25 JANUARY 2022
To mark Burns night, we look at the story of Burns’s first publication in London by Stationer Thomas Cadell (1742–1802).
A native of Bristol, at the age of sixteen Cadell moved to London to take up an apprenticeship with Andrew Millar. Although based in the Strand, Millar was a Scotsman who had served his own apprenticeship with the Edinburgh bookseller James M’Euen. When M’Euen opened a branch of his shop in London, he sent Millar to manage it. Before long, Millar took over the shop, and established his own imprint, ‘at Buchanan's Head, against St. Clement's Church in the Strand.’ It was there that Cadell started his trade, and eventually he in turn took over his master’s business, upon Millar’s retirement in 1767.
Throughout the eighteenth century, relationships between the Scottish and London book trades were at times fraught. The Statute of Anne’s disruption of the concept of perpetual copyright introduced conflict between the Stationers’ Company, which struggled to protect its former monopolies, and an economically re-invigorated Scottish book-trade. However, the Scottish Enlightenment’s literary, philosophic and scientific achievements also provided opportunities and incentives for co-operation. Alongside printer William Strahan, Millar became one of the first Scotsmen ever elected to the Stationers’ Company Court of Assistants. Strahan was one of Millar’s favourite printers. Cadell maintained this relationship, and later also worked with Strahan’s son Andrew. It was through this network of connections that Cadell came to work with William Creech, Burns’s publisher in Edinburgh, to bring Burns’s Poems, Chiefly in the Scottish Dialect, to a London readership.
Poems, Chiefly in the Scottish Dialect was first published in 1786 in a limited edition by Kilmarnock printer John Wilson. The book included some of Burns’s most famous poems, such as ‘To a Mouse’ and ‘The Cotter’s Saturday Night’, and was a huge success, with all 600 copies selling out within months. Creech took on the publication of the second edition by subscription – a popular publishing model at the time, and one which has been revived in the digital age by crowdfunding publishers such as Unbound. The Edinburgh edition was nearly twice as long as the Kilmarnock edition, with seventeen new poems, five new songs, and extended versions of some of the original entries. Particularly relevant for today’s date was the inclusion of ‘To A Haggis', now traditionally recited at every Burns Supper.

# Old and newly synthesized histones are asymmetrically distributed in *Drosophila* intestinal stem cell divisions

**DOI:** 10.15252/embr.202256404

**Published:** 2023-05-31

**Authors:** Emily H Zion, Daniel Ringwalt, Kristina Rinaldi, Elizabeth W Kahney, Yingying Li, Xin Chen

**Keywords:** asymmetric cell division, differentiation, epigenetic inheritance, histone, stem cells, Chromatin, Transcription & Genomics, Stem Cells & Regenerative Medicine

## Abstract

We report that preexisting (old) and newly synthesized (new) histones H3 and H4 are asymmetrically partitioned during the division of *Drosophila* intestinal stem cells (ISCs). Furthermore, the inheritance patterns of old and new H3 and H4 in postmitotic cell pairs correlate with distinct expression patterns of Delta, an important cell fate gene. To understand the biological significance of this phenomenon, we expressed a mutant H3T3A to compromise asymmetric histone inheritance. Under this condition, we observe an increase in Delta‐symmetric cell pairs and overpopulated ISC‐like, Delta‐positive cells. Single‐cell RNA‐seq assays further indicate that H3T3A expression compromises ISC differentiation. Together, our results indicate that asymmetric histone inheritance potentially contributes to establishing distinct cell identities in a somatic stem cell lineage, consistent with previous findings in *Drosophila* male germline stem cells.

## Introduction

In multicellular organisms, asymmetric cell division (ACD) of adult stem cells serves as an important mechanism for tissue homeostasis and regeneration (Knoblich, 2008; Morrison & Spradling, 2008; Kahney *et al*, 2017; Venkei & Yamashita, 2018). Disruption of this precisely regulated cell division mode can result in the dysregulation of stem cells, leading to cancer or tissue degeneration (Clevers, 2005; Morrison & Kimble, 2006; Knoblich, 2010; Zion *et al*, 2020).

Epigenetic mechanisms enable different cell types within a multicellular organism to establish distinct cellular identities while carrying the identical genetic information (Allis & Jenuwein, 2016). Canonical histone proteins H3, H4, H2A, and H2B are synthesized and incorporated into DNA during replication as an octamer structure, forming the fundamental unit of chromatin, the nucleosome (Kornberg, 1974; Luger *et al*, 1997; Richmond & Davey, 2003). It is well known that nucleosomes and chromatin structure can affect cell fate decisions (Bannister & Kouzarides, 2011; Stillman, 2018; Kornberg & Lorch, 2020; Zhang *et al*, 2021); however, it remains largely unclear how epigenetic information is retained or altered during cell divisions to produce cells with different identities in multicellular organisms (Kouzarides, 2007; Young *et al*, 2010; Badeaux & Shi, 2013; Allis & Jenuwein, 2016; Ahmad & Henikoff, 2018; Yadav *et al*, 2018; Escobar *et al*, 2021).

Creech sent about five hundred copies of the Edinburgh edition to Cadell and Andrew Strahan, and it sold so well that publishing a third London edition made commercial sense. However, the London edition also inherited an unfortunate misprint from the copies sent by Creech. In a hasty partial second impression by the aptly named Edinburgh printer William Smellie, the Scots word ‘skinking’ (meaning watery) was replaced by ‘stinking’. As a result, Cadell’s London edition is sometimes referred to as ‘Stinking Burns.’
Cadell also published works by two other luminaries of the Scottish Enlightenment, David Hume and Adam Smith, and his career was distinguished by his willingness to take a risk on authors whose work he admired. His contributions to public life included service as a governor of the Foundling Hospital, and as an alderman and sheriff of the City of London. He was an active member of the Stationers’ Company, serving as Master in 1798/9 and stock-keeper in 1800. He also donated a painted window to the Company, designed by artist Francis Eginton, which was installed in 1802. The window was eventually replaced by the Caxton window, but you can still see Cadell’s portrait, by Royal Academician Sir William Beechey, hanging in the Stock Room of Stationers’ Hall.